Francesca Galiano
06/09/2023 - Last update 14/11/2023

Leonid Tafler, Victor Katz, Vadim Kolesnikov, Ranjodh Singh | Year 2022

Successful Osteopathic Manipulative Treatment of Foot Drop


Foot Drop

Type of study:

Case Report

Date of publication of the study’:



Purpose of the study

  • Objective: to show the usefulness of OMT in a case of foot drop with spinal stenosis and spondylolisthesis
  • Measured outcomes: symptom assessment and evaluation of the spine by magnetic resonance imaging


  • Number: 1
  • Description: a 63-year-old man with weakness in his left foot for 5 years. The man had a history of hypertension, appendectomy and  right inguinal hernia surgery.
    In the past, the patient had done a lot of physical exercise, which including jogging and skiing.
    He had received some occasional massage and resorted to non-steroidal anti-inflammatory drugs when needed but had never sought any specific diagnosis or treatment as his foot weakness had not been of particular concern to him for a period of time.

However, the weakness had continued to worsen and pain had also appeared in the lumbar region, radiating down the left leg to the back of the foot. Eventually, the pain had become strong enough to hinder a variety of daily activities, reaching an intensity of 9 out of 10 associated with a constant weakness of the foot – a condition of foot drop – which led to limping.

As a consequence, the patient went for a neurosurgical consultation. The neurological examination showed intact cranial nerves, a motor strength of 5 out of 5 throughout the body except for a result of 4 out of 5 in left dorsiflexion and extensor hallucis longus. The sensory system was found to be intact to touch and proprioception with the exception of a decreased sensitivity in the first 3 toes of the left foot. In addition, deep tendon reflexes at the level of the left knee did not respond, and the patient had been unable to walk on his heels (but was able to walk on his toes). The MRI had revealed severe foraminal stenosis and lateral recesses at L4-5 level (aggravated by 1-cm spondylolisthesis of L4 on L5).

The diagnosis issued was of foot drop secondary to lumbar spinal stenosis. A decompressive laminectomy surgery had been advised to the patient both at the neurosurgical examination and at a subsequent orthopedic consultation,

Before proceeding to surgery, the patient wanted an osteopathic consultation. The evaluation found stable vital signs and a number of somatic dysfunctions: loss of dorsiflexion of the left foot, iliac crests of equal hight, motor strength of 4 out of 5 of the left hip in flexion and 2 out of 5 of the left foot in dorsiflexion. A hypertrophy of the lumbar paraspinal muscles was also found.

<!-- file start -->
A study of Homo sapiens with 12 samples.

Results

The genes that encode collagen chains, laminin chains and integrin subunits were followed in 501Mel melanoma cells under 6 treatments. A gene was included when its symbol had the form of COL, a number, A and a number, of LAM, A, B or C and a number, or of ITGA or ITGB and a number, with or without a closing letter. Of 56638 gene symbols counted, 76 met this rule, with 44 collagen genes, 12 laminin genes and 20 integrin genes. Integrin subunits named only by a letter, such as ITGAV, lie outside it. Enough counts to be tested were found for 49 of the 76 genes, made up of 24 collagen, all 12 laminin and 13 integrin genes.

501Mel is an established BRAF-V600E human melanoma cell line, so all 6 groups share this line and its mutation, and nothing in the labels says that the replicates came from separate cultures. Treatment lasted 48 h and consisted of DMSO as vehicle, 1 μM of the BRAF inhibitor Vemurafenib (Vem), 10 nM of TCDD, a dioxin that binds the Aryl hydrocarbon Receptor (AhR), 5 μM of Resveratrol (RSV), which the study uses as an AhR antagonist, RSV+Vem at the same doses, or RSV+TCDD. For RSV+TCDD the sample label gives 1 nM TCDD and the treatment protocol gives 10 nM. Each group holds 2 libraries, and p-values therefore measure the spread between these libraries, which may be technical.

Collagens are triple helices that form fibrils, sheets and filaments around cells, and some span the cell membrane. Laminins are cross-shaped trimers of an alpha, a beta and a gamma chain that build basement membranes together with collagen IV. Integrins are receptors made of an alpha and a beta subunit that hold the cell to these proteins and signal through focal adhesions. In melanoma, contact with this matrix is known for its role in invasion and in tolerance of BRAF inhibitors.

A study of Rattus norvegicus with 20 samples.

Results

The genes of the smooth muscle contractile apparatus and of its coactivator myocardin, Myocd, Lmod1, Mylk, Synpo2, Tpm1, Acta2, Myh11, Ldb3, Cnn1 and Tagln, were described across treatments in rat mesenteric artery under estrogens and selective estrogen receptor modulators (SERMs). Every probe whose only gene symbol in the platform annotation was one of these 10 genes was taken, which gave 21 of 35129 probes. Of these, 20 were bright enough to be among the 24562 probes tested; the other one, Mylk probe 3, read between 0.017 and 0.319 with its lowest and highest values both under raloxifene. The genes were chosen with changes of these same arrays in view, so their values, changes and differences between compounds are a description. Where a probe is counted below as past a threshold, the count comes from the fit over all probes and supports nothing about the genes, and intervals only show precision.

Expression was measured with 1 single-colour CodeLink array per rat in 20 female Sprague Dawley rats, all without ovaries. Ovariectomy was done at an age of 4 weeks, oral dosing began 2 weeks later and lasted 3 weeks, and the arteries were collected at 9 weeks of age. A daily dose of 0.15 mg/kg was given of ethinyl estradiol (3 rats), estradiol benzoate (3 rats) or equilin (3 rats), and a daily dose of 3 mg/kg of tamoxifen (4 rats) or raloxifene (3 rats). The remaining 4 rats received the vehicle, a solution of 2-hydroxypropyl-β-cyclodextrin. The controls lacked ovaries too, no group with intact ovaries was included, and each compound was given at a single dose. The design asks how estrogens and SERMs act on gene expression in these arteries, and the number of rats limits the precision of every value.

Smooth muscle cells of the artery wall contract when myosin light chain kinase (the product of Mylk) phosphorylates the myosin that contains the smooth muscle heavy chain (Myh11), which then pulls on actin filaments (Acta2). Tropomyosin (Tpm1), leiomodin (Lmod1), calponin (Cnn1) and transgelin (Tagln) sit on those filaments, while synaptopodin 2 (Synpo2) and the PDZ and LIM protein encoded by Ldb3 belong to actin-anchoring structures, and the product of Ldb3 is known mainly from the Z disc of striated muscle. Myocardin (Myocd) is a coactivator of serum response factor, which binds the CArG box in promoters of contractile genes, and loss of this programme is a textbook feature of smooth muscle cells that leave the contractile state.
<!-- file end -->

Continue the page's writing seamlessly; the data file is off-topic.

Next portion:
At this point, the patient accepted OMT.

Interventions and evaluations

  • Osteopathic structural, motor strength, and symptom assessment.
  • Evaluation by MRI at the end of the course of treatments.
  • 1 initial OMT session, followed by 4 biweekly sessions and then a series of weekly sessions.
  • OMT:
    • myofascial and muscle-energy techniques to relax thoracolumbar tissues and then high-velocity low-amplitude techniques in the thoracic, lumbar, and sacral areas.


After the first treatment – in which there was a resounding click during the execution of a high-velocity low-amplitude technique in the lumbosacral region- the pain began to improve. After 4 more treatments, the patient noticed a clear improvement of his condition.

The physical examination, in fact, showed full recovery of motor strength (5 out of 5) of the left hip in flexion and of the left foot in dorsiflexion. The patient was also able to walk on his heels without much difficulty while the sensations in the left leg were also normal.

Following further OMT sessions, the patient no longer reported low back pain or foot drop.

The MRI carried out at the end of the treatment showed no difference from the first image.


The OMT has been shown to be able to alleviate and resolve a foot drop condition secondary to changes in the spine, namely spinal stenosis and spondylolisthesis.

In fact, the MRI showed these changes at the level of the L5 vertebral segment, and in fact the nerve roots of L5 are normally the most affected in conditions such as lumbar radiculopathy with related foot drop. In cases of stenosis and spondylolisthesis, the nerve roots can become compressed and cause a range of sensorimotor symptoms, especially including pain, reduced range of motion, loss of strength, and foot drop.

Osteopathic techniques applied at the lumbar level (adjusted for the observed 1-cm spondylolisthesis) may have immediately favored an improvement in the patient’s condition because they induced a reduction in pressure on the nerve roots of L5. However, we must consider that the two MRIs showed no significant difference, a finding that may indicate another mechanism at work than the one just hypothesized. However, the two reports are difficult to compare because they were performed by different machines from different health care facilities.

Another possible mechanism underlying the patient’s condition could be a dysfunction (subluxation?) of the sacro-iliac joint, resulting in radicular symptoms. However, no specific tests were performed to verify the presence of this condition.

The review of Osteopedia

By Marco Chiera

Strengths: first case regarding the usefulness of OMT in a case of foot drop with spinal stenosis and spondylolisthesis; discussions of possible mechanisms underlying the condition addressed and the results obtained with OMT.

Limits: like any case report, it is difficult to generalize its results; the discussion of mechanisms seems limited to purely mechanical and anatomical aspects of nerve compression, without considering possible other aspects (eg, sensitization), especially considering the duration of the problem (years); it is unclear how many treatments were done in total.